Good Thinking

Aircon Watch promises to keep you cool around the clock

Aircon Watch promises to keep ...
Can you control your whole body's temperature by heating or cooling just one small part of it?
Can you control your whole body's temperature by heating or cooling just one small part of it?
Can you control your whole body's temperature by heating or cooling just one small part of it?
Early pledges of $80 are still available through the Aircon Watch's Kickstarter campaign
The Aircon Watch itself features an OLED display
The Aircon Watch works on premise that indeed you can heat or cool a patch of skin to make the whole body feel warmer or colder
A Kickstarter campaign for the Aircon Watch is underway
A Kickstarter campaign for the Aircon Watch is underway
Early pledges of $80 are still available through the Aircon Watch's Kickstarter campaign
The Aircon Watch works on premise that indeed you can heat or cool a patch of skin to make the whole body feel warmer or colder
Can you control your whole body's temperature by heating or cooling just one small part of it?
Early pledges of $80 are still available through the Aircon Watch's Kickstarter campaign
Built into the Aircon Watch's strap is a device that delivers pulses of heat and cold
The Aircon Watch runs on a 400 mAh battery
The Aircon Watch works on premise that indeed you can heat or cool a patch of skin to make the whole body feel warmer or colder

Can you control your whole body's temperature by heating or cooling just one small part of it? More specifically, the wrist? It seems a little far-fetched, but the makers of the Aircon Watch certainly believe you can, and if their early crowdfunding success is anything to go by, they are far from alone.

The Aircon Watch works on the premise that you can indeed heat or cool a patch of skin to make the whole body feel warmer or colder, and this is not the first time we've come across such an idea. Back in 2013, engineering students at MIT produced a prototype bracelet that could make the entire body feel several degrees warmer or colder by delivering thermal pulses to a copper-alloy heat sink built into the wristband.

For their part, the makers of the Aircon Watch point to a 2012 Stanford University study into temperature regulation in the body. That research led to a device simply called "the glove," which was able to lower the body's temperature by creating a vacuum that draws blood to the surface of the palms, then using cold water to cool the blood before it returns to the heart.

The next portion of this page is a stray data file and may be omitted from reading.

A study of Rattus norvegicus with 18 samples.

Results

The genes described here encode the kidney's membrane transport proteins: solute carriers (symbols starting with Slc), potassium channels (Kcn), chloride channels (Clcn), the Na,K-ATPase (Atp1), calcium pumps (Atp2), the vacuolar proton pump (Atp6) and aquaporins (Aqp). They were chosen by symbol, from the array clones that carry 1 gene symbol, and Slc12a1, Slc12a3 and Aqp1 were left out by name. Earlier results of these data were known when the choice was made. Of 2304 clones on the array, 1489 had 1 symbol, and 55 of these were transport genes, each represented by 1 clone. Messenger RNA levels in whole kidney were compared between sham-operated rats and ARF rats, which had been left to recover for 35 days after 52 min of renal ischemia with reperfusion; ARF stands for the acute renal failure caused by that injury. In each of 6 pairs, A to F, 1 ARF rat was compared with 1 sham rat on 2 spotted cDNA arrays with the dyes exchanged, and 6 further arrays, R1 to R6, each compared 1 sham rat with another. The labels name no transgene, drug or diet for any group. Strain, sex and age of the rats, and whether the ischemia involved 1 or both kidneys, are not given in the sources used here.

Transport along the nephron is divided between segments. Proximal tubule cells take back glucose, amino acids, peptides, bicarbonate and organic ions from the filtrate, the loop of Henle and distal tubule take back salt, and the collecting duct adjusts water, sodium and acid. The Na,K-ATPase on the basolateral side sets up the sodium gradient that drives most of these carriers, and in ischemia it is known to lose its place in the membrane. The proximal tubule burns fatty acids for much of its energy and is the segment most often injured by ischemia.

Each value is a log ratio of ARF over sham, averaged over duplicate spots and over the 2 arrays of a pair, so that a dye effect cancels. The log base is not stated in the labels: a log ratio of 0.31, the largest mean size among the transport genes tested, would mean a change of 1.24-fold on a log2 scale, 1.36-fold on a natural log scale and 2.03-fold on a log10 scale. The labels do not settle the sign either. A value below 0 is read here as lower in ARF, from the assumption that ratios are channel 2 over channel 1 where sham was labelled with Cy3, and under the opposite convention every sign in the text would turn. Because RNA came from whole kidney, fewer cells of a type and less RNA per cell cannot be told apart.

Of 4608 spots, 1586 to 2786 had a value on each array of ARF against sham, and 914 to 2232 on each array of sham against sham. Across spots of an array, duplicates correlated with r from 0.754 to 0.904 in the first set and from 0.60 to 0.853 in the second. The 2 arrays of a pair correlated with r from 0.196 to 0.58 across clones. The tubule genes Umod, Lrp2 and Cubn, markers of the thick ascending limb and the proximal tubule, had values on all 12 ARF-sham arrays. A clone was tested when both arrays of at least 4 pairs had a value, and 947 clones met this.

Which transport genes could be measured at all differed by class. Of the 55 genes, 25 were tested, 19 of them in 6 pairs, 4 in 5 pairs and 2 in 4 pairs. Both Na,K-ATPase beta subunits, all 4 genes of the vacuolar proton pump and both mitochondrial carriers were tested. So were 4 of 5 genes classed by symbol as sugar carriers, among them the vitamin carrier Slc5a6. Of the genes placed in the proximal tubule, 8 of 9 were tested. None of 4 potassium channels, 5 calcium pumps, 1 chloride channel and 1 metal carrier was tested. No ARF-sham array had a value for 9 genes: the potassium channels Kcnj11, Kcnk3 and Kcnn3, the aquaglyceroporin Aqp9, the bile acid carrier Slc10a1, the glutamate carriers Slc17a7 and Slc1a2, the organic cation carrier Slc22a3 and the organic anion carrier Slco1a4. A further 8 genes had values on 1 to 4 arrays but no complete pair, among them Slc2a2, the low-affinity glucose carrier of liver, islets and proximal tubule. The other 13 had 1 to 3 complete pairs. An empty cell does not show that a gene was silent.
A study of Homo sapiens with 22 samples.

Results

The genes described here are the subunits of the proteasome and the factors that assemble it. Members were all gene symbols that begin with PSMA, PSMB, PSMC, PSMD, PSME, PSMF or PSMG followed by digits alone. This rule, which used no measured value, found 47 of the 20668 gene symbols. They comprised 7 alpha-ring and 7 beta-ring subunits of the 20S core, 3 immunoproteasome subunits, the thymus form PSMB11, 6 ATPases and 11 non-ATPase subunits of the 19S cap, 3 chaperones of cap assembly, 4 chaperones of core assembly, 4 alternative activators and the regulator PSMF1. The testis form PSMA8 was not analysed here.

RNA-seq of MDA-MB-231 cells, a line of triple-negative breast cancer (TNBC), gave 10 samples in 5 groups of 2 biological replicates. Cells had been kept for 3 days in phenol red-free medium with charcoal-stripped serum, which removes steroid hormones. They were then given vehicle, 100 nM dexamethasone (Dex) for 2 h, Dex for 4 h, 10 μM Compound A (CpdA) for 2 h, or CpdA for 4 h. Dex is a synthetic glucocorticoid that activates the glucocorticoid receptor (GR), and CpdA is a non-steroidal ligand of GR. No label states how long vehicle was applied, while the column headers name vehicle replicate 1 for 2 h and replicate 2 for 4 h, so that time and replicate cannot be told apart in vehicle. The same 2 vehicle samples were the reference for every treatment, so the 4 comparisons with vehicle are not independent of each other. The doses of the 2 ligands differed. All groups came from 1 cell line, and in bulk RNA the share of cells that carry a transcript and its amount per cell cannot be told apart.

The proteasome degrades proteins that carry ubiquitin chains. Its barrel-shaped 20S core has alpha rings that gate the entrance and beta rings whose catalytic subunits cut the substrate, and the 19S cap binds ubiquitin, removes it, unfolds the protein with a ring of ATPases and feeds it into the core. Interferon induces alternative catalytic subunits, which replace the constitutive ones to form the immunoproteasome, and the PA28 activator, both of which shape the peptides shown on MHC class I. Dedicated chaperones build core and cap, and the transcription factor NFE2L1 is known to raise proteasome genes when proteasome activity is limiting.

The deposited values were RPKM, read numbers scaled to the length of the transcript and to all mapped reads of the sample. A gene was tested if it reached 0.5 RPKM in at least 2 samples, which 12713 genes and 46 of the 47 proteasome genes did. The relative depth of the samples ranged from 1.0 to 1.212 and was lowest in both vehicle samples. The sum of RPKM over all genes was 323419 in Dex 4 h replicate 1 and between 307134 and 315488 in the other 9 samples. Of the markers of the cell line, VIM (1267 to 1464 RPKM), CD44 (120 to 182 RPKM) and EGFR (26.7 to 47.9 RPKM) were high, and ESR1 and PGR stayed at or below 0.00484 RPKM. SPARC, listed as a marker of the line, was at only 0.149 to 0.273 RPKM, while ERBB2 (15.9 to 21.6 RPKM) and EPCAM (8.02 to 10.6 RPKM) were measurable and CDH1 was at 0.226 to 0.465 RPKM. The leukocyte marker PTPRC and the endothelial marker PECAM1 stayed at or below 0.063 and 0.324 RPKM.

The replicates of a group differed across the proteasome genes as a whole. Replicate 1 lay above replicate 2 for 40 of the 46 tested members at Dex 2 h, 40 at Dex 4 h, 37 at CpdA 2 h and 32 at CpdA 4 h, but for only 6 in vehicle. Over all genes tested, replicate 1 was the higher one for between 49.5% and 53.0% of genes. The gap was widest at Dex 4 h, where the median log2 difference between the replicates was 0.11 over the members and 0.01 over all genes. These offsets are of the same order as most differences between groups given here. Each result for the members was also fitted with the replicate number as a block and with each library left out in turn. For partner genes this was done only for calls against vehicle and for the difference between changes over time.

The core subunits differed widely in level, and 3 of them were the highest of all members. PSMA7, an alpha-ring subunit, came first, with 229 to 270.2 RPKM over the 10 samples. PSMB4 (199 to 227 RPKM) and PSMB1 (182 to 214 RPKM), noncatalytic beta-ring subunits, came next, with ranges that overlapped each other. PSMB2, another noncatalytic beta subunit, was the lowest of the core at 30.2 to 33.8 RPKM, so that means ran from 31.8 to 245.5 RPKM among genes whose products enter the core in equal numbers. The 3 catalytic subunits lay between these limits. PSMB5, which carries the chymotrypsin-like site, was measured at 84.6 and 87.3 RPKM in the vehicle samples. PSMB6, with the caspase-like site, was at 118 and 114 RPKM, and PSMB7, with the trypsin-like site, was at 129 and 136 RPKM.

So the science suggests that yes, this kind of thing is possible, but achieving it in laboratory experiments and a polished commercial product are completely different things. Nonetheless, the team behind the Aircon Watch reckon the technology's moment has arrived.

A Kickstarter campaign for the Aircon Watch is underway
A Kickstarter campaign for the Aircon Watch is underway

Built into the watch strap is a device that delivers pulses of heat and cold, which the makers claim interferes with the signal that the nervous system sends to the part of the brain responsible for regulating our temperature. Confusing the nervous system in this way apparently allows the Aircon Watch to make small changes to body temperature as the user desires.

The watch itself features a OLED display and runs on a 400-mAh battery, said to provide four hours of cooling mode and eight hours of heating.

A Kickstarter campaign for the Aircon Watch is underway, with almost 1,000 backers already pledging more than US$80,000. If you too are convinced of its legitimacy, early pledges of $80 are still available, which will have one headed your way in December if the campaign runs as planned.

You can check out the pitch video below.

Source: Aircon Watch

Aircon Watch: The World's First Personal A/C Watch

5 comments
Bob Stuart
According to my calculator, and assuming a lithium battery, that gives the cooling power of an ice cube less than 1/2" each way.
FabianLamaestra
Lots of fluff and no REAL reviews of ACTUAL people wearing the device. Seems like another kickstarter scammer.
Douglas Bennett Rogers
If you are actually overheated, you will need to remove hundreds of watts of heat. This may work to relieve the perception of being overheated.
JweenyPwee
This is saying that the technology essentially fools the nervous system into feeling cooler or warmer. It doesn't actually raise or lower body temperature...which to me as a layman sounds extremely dangerous. There is a reason we feel hot or cold...because we are too hot or too cold. Billions of years of evolution has developed this method of self-preservation. The article mentions the research that found sucking blood to the surface of the skin makes the person feel warmer. Or course it would, but the reason the blood has left the surface of the skin is to be rerouted to keep vital organs warm. Again, dangerous, not to mention a scam.
JeffK
While this concept would not be useful in a survival situation, it could very well aid in a persons acclimating to a new climate. While vacationing in Maui recently, my wife and I, used to the low humidity Montana climate where we grew up, were very uncomfortable in the high humidity tropical climate even though the ambient temperature was somewhat lower than at home. The humidity was not dangerous as evidenced by the locals who were used to the climate and comfortable in it. Feeling a few degrees cooler would have simply made the trip that much more enjoyable.